That afternoon slump, you know the one. You're sitting at your desk happily working away, when suddenly you can't keep your eyes open. It usually happens around 3 p.m., but when is the best time to have coffee (or tea or whatever your caffeine of choice is) to combat that habitual fatigue?
While many of us reach for coffee first thing in the a.m., studies show that is not the best time to drink it. In fact, according to Forbes, "Drinking a cup of coffee first thing in the morning blunts the energy-boosting effects of caffeine and may lead to increased tolerance of the stimulant." Not great.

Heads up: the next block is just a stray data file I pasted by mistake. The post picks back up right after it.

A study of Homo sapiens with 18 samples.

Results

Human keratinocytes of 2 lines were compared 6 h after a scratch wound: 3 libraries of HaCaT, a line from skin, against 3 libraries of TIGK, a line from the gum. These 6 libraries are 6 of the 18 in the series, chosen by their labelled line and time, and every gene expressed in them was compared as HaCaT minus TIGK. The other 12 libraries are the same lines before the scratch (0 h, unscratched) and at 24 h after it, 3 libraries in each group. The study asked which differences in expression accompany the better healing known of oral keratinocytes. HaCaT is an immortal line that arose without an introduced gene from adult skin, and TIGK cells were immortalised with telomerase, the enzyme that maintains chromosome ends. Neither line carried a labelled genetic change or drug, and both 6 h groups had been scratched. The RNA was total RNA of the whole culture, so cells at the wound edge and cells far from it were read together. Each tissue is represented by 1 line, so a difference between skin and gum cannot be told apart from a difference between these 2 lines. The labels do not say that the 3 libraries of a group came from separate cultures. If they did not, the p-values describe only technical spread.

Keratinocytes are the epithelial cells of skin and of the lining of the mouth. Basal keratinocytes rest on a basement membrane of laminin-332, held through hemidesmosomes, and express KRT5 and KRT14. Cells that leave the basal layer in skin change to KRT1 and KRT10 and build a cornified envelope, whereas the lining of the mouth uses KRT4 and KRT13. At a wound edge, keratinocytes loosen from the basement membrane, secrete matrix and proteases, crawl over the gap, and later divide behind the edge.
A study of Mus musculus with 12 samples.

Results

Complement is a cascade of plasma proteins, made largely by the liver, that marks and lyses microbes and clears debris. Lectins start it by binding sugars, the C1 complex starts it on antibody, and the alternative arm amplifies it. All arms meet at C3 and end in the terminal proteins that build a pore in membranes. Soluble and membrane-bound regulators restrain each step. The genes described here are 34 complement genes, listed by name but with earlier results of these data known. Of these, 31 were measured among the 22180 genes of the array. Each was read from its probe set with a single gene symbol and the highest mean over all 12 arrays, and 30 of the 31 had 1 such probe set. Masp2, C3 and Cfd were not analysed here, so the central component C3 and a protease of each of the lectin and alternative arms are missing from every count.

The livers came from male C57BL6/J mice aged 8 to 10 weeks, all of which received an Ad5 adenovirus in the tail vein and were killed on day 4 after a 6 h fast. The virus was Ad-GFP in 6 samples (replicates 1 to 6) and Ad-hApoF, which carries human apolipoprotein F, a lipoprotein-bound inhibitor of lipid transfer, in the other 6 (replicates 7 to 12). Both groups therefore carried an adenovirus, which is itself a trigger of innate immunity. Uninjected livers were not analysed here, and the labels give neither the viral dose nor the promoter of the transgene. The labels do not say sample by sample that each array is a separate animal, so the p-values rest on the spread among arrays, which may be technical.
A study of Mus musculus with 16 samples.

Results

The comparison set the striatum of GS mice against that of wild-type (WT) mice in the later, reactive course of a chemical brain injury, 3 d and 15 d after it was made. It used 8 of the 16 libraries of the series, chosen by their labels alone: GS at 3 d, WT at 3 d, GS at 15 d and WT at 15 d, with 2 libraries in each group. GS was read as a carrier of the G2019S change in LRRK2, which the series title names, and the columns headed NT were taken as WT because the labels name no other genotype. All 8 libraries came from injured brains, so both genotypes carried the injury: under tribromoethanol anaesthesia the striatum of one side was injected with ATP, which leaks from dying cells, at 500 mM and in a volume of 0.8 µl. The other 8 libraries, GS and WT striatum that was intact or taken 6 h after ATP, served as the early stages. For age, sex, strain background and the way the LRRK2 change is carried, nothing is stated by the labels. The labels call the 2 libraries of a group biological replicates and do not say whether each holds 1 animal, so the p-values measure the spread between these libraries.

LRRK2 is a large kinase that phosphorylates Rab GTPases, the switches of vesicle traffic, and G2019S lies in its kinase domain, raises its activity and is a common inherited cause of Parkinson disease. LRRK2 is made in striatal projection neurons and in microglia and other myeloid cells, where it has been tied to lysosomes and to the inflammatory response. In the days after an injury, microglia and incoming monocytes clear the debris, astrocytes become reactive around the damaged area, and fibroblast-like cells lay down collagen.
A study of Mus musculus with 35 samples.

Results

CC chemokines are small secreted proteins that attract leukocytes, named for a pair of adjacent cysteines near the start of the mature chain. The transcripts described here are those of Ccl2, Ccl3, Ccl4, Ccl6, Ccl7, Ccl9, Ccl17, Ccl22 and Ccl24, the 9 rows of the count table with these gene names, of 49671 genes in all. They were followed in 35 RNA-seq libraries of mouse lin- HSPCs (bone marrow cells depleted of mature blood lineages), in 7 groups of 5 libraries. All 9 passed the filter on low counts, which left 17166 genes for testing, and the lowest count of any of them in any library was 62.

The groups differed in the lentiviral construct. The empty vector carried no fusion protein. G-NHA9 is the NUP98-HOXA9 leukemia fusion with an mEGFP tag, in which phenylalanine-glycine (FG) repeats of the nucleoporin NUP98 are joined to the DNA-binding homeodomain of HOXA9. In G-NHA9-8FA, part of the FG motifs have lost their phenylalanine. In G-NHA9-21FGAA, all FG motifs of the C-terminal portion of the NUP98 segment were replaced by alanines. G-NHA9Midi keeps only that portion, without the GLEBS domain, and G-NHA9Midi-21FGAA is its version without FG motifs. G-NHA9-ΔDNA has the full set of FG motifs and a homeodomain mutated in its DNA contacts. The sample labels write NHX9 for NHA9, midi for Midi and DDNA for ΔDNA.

Luckily substantial research has been done and we do have answers about better times to pour ourselves a cup of Joe.
All humans are guided by a 24-hour hormonal cycle — the circadian clock. This clock controls the release of cortisol in the human body, and cortisol is what makes us feel alert and awake.
Peak cortisol production is actually naturally between 8 and 9 a.m., which means you don't really need to have your coffee then because your body is naturally waking itself up. Your coffee also tends to release cortisol between 12-1 p.m., as well as 5:30-6:30 p.m. — studies suggest that the coffee breaks shouldn't happen during those times.
In fact, the best times to drink coffee are when your cortisol is naturally low meaning from 9:30 - 11:30 a.m. or between 1:30 and 5:00 p.m. After the evening cortisol release you really should be thinking more about winding your day down than gearing it up.
So there you have it, two key windows for caffeine consumption. You've got this.